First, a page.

Georgia House Votes for New Congressional Redistricting Map That Will Dramatically Change State Political Landscape


Members of the Georgia House on Monday voted for a Congressional Redistricting Map that removes U.S. Representative Lucy McBath (D-GA-06) from her current district and paves the way for a Republican to win that seat.

The proposal now goes to Governor Brian Kemp to approve.

Jake Evans announced in June that he would step down from his position to challenge McBath for the District Six seat. Evans, a Republican, chaired the Georgia Ethics Commission.

Evans’ spokesman Brian Robinson told The Georgia Star News on Monday that the new Sixth District map benefits Evans.

“He’s had five months of campaigning, great fundraising, great grassroots support, and he’s really made a lot of headway already. The district goes into Forsyth County where Jake had already been doing some campaigning, even though it wasn’t in the old Sixth District,” Robinson said.

“It’s a solidly Republican district, one that is ripe for an America First conservative like Jake Evans. It’s a great profile for him, and he’s very excited to run in it.”

Robinson said he believes Evans will amass more than $1 million in campaign funds by the end of this year.

Former Republican Speaker of the House Newt Gingrich endorsed Evans’candidacy in August. Gingrich once represented Georgia’s Sixth Congressional District.

Republican and former state legislator Meagan Hanson in July also announced her intentions to unseat McBath.

McBath tweeted Monday that she will run in Georgia’s newly created Seventh Congressional District, likely against U.S. Representative Carolyn Bourdeaux (D-GA-07).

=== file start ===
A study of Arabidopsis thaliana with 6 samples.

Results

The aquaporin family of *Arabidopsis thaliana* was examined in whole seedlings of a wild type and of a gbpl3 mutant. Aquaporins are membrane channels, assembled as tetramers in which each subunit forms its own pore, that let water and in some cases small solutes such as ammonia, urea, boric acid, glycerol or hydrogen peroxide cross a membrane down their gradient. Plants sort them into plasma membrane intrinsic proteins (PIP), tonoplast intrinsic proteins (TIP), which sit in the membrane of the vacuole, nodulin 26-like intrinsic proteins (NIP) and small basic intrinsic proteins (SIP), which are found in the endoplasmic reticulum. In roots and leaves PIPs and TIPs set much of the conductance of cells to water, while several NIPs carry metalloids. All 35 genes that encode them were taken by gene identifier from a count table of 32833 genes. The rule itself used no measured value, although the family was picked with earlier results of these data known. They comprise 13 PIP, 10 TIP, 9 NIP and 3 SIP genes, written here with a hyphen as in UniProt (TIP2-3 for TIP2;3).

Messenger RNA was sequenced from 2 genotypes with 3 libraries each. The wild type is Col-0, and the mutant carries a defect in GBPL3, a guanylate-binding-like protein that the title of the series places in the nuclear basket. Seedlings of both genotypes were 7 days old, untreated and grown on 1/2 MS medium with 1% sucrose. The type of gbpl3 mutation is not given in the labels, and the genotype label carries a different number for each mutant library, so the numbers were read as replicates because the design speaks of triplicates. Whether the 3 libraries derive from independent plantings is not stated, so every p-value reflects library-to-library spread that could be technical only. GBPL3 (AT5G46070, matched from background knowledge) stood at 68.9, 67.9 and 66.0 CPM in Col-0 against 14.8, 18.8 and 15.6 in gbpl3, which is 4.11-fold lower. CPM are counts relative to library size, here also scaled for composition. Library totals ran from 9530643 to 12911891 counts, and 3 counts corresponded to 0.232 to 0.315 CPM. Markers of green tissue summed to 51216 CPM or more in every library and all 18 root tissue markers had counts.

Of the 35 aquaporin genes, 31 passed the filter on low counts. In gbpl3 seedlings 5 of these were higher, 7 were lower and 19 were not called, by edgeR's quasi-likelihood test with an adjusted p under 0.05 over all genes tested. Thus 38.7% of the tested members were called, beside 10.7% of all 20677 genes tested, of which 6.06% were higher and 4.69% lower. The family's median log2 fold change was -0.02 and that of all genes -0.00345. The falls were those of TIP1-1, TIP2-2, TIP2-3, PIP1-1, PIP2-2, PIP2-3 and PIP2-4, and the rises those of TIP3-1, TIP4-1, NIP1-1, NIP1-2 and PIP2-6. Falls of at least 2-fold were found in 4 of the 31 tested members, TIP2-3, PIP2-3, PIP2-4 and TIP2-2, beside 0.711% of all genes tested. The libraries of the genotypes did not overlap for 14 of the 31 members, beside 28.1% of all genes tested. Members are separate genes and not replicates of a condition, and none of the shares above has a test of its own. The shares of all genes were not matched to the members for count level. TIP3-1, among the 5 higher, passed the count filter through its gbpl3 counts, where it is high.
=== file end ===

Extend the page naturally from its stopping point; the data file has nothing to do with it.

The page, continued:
Georgia Public Broadcasting (GPB) reported Monday that the new boundaries will likely help elect nine Republicans and five Democrats. Georgia voters elected eight Republicans and six Democrats in 2020.

“The law does not require U.S. House representatives to live in the district they represent, and current Ninth District Representative Andrew Clyde, a Republican, is also drawn out of his current seat and into the newly vacant 10th District,” GPB reported.

Members of Clyde’s staff did not return The Star News’ requests for comment about his political future before Monday’s stated deadline.

Republicans hold a majority in the Georgia House of Representatives and the Georgia State Senate.

Sources said last week that “moderates who want to ‘play nice’ with Democrats have temporarily taken the upper hand over conservatives who want to press the GOP advantage.”

One source, a national GOP strategist, reportedly told Breitbart that certain Georgia Republicans “seem intent on helping Nancy Pelosi retain the speakership.”

Photo “Brian Kemp” by Governor Brian Kemp. Background Photo “Georgia Capitol” by DXR. CC BY-SA 4.0.